The Arizona Republic's front-page profile on me today spent a lot of time reviewing and recording what I wrote and thought more than 20 years ago, when I was in college.
It is interesting how often Janet Napolitano's campaign talking points -- as reflected in the statements of her surrogates or Democratic Party-funded attacks -- wind up in supposedly objective features on me.
Unwilling to defend Janet Napolitano's failure to secure the border, failure to lessen crime, and failure to improve education, transportation or CPS, they would much rather take a few sentences I wrote in college out of context and run against that.
In that task they have a lot of help in the mainstream media. In a low-budget election, it's nice when you have a 300-thousand-plus circulation newspaper to drive your campaign themes.
Here are the takeaways. I have been an award-winning, successful leader in all that I have done beginning in college. As such, I was out front speaking and writing about difficult policy issues when most college students and law students were bar-hopping. (And after viewing some of the distortions of my writings, I'm thinking bar-hopping might have been a better choice.)
My take on issues was so controversial that a liberal faculty voted me the Outstanding Graduate of the Walter Cronkite School of Journalism at ASU.
Do we really want "stealth" candidates for office who have never accomplished or taken a stand on anything?
And just to be fair, are these same objective journalists going back to determine exactly what Janet Napolitano did, said and believed when she was a radical feminist activist and one of the first two students in the women's studies program at Santa Clara College?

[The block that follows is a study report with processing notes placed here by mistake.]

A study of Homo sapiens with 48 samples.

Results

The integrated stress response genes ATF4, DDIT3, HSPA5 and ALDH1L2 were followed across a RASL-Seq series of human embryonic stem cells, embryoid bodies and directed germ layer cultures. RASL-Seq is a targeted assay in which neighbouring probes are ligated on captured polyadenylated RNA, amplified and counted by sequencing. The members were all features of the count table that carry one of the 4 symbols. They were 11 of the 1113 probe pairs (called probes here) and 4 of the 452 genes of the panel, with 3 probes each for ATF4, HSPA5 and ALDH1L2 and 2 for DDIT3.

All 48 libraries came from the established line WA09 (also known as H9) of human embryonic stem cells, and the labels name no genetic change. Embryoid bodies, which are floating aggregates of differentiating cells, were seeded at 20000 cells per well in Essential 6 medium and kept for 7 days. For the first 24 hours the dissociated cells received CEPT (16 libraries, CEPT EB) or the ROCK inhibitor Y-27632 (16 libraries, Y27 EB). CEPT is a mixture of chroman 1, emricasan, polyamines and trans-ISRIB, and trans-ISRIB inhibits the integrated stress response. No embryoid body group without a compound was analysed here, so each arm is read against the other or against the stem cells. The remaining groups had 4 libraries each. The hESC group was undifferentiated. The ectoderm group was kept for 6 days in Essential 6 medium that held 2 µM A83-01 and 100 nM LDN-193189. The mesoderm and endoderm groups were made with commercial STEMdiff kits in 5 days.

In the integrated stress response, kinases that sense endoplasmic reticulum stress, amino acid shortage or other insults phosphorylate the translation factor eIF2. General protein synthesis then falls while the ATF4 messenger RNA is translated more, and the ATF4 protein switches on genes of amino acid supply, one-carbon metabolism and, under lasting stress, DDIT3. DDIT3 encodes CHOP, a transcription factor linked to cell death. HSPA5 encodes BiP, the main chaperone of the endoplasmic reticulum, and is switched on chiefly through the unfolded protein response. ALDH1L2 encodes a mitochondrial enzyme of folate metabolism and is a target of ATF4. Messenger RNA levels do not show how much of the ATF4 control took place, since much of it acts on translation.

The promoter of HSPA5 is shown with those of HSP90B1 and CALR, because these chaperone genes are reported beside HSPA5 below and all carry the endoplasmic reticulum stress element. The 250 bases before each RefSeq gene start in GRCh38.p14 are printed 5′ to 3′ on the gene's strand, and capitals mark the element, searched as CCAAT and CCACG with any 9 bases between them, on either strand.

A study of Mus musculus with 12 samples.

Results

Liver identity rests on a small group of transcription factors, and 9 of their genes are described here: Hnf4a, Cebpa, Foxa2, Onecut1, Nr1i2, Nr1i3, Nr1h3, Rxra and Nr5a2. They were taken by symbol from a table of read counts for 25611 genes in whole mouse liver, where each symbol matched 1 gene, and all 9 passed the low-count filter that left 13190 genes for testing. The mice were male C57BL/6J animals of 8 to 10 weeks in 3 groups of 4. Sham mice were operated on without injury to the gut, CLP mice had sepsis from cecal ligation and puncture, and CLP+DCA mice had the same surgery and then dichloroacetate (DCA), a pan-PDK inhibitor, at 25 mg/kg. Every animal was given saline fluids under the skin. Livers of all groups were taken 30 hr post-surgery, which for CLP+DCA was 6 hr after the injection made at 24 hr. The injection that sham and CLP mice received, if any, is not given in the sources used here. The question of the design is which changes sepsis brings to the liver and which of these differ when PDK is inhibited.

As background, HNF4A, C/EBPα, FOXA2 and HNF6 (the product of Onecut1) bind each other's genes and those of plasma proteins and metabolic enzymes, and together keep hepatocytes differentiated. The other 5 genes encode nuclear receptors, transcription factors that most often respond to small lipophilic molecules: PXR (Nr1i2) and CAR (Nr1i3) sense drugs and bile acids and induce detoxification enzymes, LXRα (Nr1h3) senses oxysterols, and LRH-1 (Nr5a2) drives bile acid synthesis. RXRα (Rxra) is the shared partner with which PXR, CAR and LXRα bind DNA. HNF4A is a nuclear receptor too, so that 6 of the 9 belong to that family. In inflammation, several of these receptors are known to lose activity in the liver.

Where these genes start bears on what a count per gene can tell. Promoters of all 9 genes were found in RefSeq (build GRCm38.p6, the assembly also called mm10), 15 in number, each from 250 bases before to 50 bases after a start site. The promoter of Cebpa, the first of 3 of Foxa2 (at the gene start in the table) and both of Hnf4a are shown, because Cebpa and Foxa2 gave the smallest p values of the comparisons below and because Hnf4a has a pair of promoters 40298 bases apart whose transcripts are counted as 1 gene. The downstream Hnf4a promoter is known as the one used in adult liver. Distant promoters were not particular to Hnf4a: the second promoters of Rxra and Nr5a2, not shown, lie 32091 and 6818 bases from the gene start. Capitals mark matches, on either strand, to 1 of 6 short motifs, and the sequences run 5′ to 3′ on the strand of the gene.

Are they talking to college classmates who she hasn't talked to in 20 years, like they did for my article? Will they give prominent space and credibility to her harshest critics and political opponents, as they did for my article?
Will they go back and determine her reputation when she first ran for Attorney General, as one liberal newspaper put it in 1998: "The feminist: Janet Napolitano.... She'd make a great candidate in, say, Massachusetts. But she's got the wrong profile to run in stodgy Arizona."
Will they review the cynical creation of her "made for politics" image as a tough prosecutor, as she acknowledged 8 years ago in a New Times feature:
Days after Bill Clinton's election, then-senator Dennis DeConcini called and asked Napolitano if she'd like to be U.S. attorney for the District of Arizona.
"I really didn't know what a U.S. attorney did," she admits. She took a few former U.S. attorneys to lunch, and decided she'd like the job.
I guess we'll have to wait until next week to find out.